I thought I would blog about some interesting things about the election last week. Here is a link to the CNN.com exit polls that I will use for most of the blog post.
I'll begin by pointing out that if Republicans think that this election represents a coherent mandate for conservative retrenchment they are mistaken. The first bit of evidence against what I'll call the conservative "tsunami" interpretation of the election results is the turnout. It was low. In low turnout elections, the electorate is older, whiter and more male than in high turnout elections. That tends to favor conservatives right from the start. So rather than representing a shift of opinion the 2010 election represents a shift in attentiveness to the election. In other words, its not that more Americans agree with conservatives now. It's that more conservatives voted. Here is a link to the CNN.com exit poll from 2008. One thing that stands out is that in the 2008 election 44% of voters self identified as moderates. In 2010, moderates only made up 39% of the voters. In both elections most self identified moderates voted for Democrats. This begs the question of whether voters really wanted what the Tea Party and the Republicans were offering.
Now, what did the people who did vote really want? Did they - as the Republicans argue - vote in favor a Republican agenda of reversing what President Obama and the Democrats have done in the last two years? The answer is more complicated than Fox News would like to admit. On the one hand 53% of voters had an unfavorable opinion of the Democratic Party. 88% of that group voted for Republicans. On the other hand, 52% of voters had an unfavorable opinion of the Republican Party. 75% of that group voted for Democrats. So really the Republicans won not because people love them now but because more people were holding their nose and voting for them than were holding their nose and voting for the Democrats. That's not exactly a basis for a rousing mandate (see tables from: CNN.com 2010 Exit Poll).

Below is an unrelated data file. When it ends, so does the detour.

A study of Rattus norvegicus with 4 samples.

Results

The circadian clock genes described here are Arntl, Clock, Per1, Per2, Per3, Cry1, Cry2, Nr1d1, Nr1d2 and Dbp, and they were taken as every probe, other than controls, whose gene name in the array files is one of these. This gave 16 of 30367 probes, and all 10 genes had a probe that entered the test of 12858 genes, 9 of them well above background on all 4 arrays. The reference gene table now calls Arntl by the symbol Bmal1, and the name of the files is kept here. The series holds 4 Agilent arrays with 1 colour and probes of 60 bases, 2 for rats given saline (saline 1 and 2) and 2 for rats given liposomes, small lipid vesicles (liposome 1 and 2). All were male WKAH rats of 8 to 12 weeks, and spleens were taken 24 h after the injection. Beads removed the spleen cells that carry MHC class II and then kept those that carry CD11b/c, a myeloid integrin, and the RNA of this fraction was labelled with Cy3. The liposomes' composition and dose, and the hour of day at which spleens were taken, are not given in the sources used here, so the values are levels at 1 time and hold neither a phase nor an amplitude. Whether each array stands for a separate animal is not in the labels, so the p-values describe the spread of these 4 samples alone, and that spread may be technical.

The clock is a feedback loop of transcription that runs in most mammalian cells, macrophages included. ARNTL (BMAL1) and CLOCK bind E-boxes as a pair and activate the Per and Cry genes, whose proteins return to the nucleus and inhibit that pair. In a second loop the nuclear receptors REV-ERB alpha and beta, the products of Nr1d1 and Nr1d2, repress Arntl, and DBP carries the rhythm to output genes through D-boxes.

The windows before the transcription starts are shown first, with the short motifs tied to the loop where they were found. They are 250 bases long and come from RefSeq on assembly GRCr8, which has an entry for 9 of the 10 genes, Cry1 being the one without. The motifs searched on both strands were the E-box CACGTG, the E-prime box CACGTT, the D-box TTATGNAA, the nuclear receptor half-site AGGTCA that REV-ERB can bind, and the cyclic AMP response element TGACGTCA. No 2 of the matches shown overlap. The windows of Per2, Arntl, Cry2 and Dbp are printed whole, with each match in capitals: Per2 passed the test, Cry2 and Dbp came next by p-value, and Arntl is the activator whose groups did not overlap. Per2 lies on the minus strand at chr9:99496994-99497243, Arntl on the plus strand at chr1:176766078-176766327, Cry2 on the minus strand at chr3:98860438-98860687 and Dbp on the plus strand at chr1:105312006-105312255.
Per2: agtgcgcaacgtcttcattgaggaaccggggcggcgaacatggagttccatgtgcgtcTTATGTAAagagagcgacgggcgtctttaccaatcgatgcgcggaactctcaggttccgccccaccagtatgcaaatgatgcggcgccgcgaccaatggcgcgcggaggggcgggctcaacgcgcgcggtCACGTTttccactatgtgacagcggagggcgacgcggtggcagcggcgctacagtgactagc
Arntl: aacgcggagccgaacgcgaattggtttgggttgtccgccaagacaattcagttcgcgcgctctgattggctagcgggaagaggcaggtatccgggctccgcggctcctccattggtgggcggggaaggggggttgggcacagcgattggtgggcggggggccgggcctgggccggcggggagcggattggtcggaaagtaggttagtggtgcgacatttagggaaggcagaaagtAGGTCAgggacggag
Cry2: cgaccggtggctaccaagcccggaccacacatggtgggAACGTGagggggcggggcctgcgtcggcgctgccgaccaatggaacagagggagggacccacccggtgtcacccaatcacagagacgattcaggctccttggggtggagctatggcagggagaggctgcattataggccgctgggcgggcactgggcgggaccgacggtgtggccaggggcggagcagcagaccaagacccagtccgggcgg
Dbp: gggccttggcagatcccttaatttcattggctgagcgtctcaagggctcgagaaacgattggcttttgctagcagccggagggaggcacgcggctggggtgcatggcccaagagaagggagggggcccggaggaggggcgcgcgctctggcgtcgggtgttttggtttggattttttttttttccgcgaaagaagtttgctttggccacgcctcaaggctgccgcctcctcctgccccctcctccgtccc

What do 2010 voters want Congress to do and could Republicans possibly deliver it even if they had the kind of total control they had between 2000 and 2006? 19% think Congress should cut taxes. 39% think Congress should cut the deficit. And 37% think Congress should spend more to create more jobs. You might assume the people who want to spend for more jobs are all Democrats. But 30% of these people voted for Republicans. Cutting taxes and deficit reduction are clearly contradictory. When you throw in the significant number of Republican voters who want more spending and you have a tricky situation for the Republicans. What exactly are they going to propose? No matter what they do they risk alienating a significant portion of their vote (see table taken from CNN.com 2010 Exit Poll).
Now consider that the Republicans don't have control over legislation. What they do have is some control over the agenda in the House and a blocking minority in the Senate. If they really want to change things, they'll have to compromise with Democrats to do it. If they insist on the ideological purity espoused by the most vocal elements of the Tea Party set, the best they can hope for is to lock in place the policies Obama and the Democrats instituted in the last two years. Speaking as a Democrat, that's a deal I'd gladly take. It's at least as likely that the Republicans would win more support from working to compromise with the Democrats on some less contradictory options than trying to respond some incoherent "mandate" that they imagine they have. As a Democrat, I'd accept reasonable compromises with the Republicans on some major issues. It wouldn't make me vote for Republicans in 2012 but it would make me think people who did vote for Republicans weren't insane.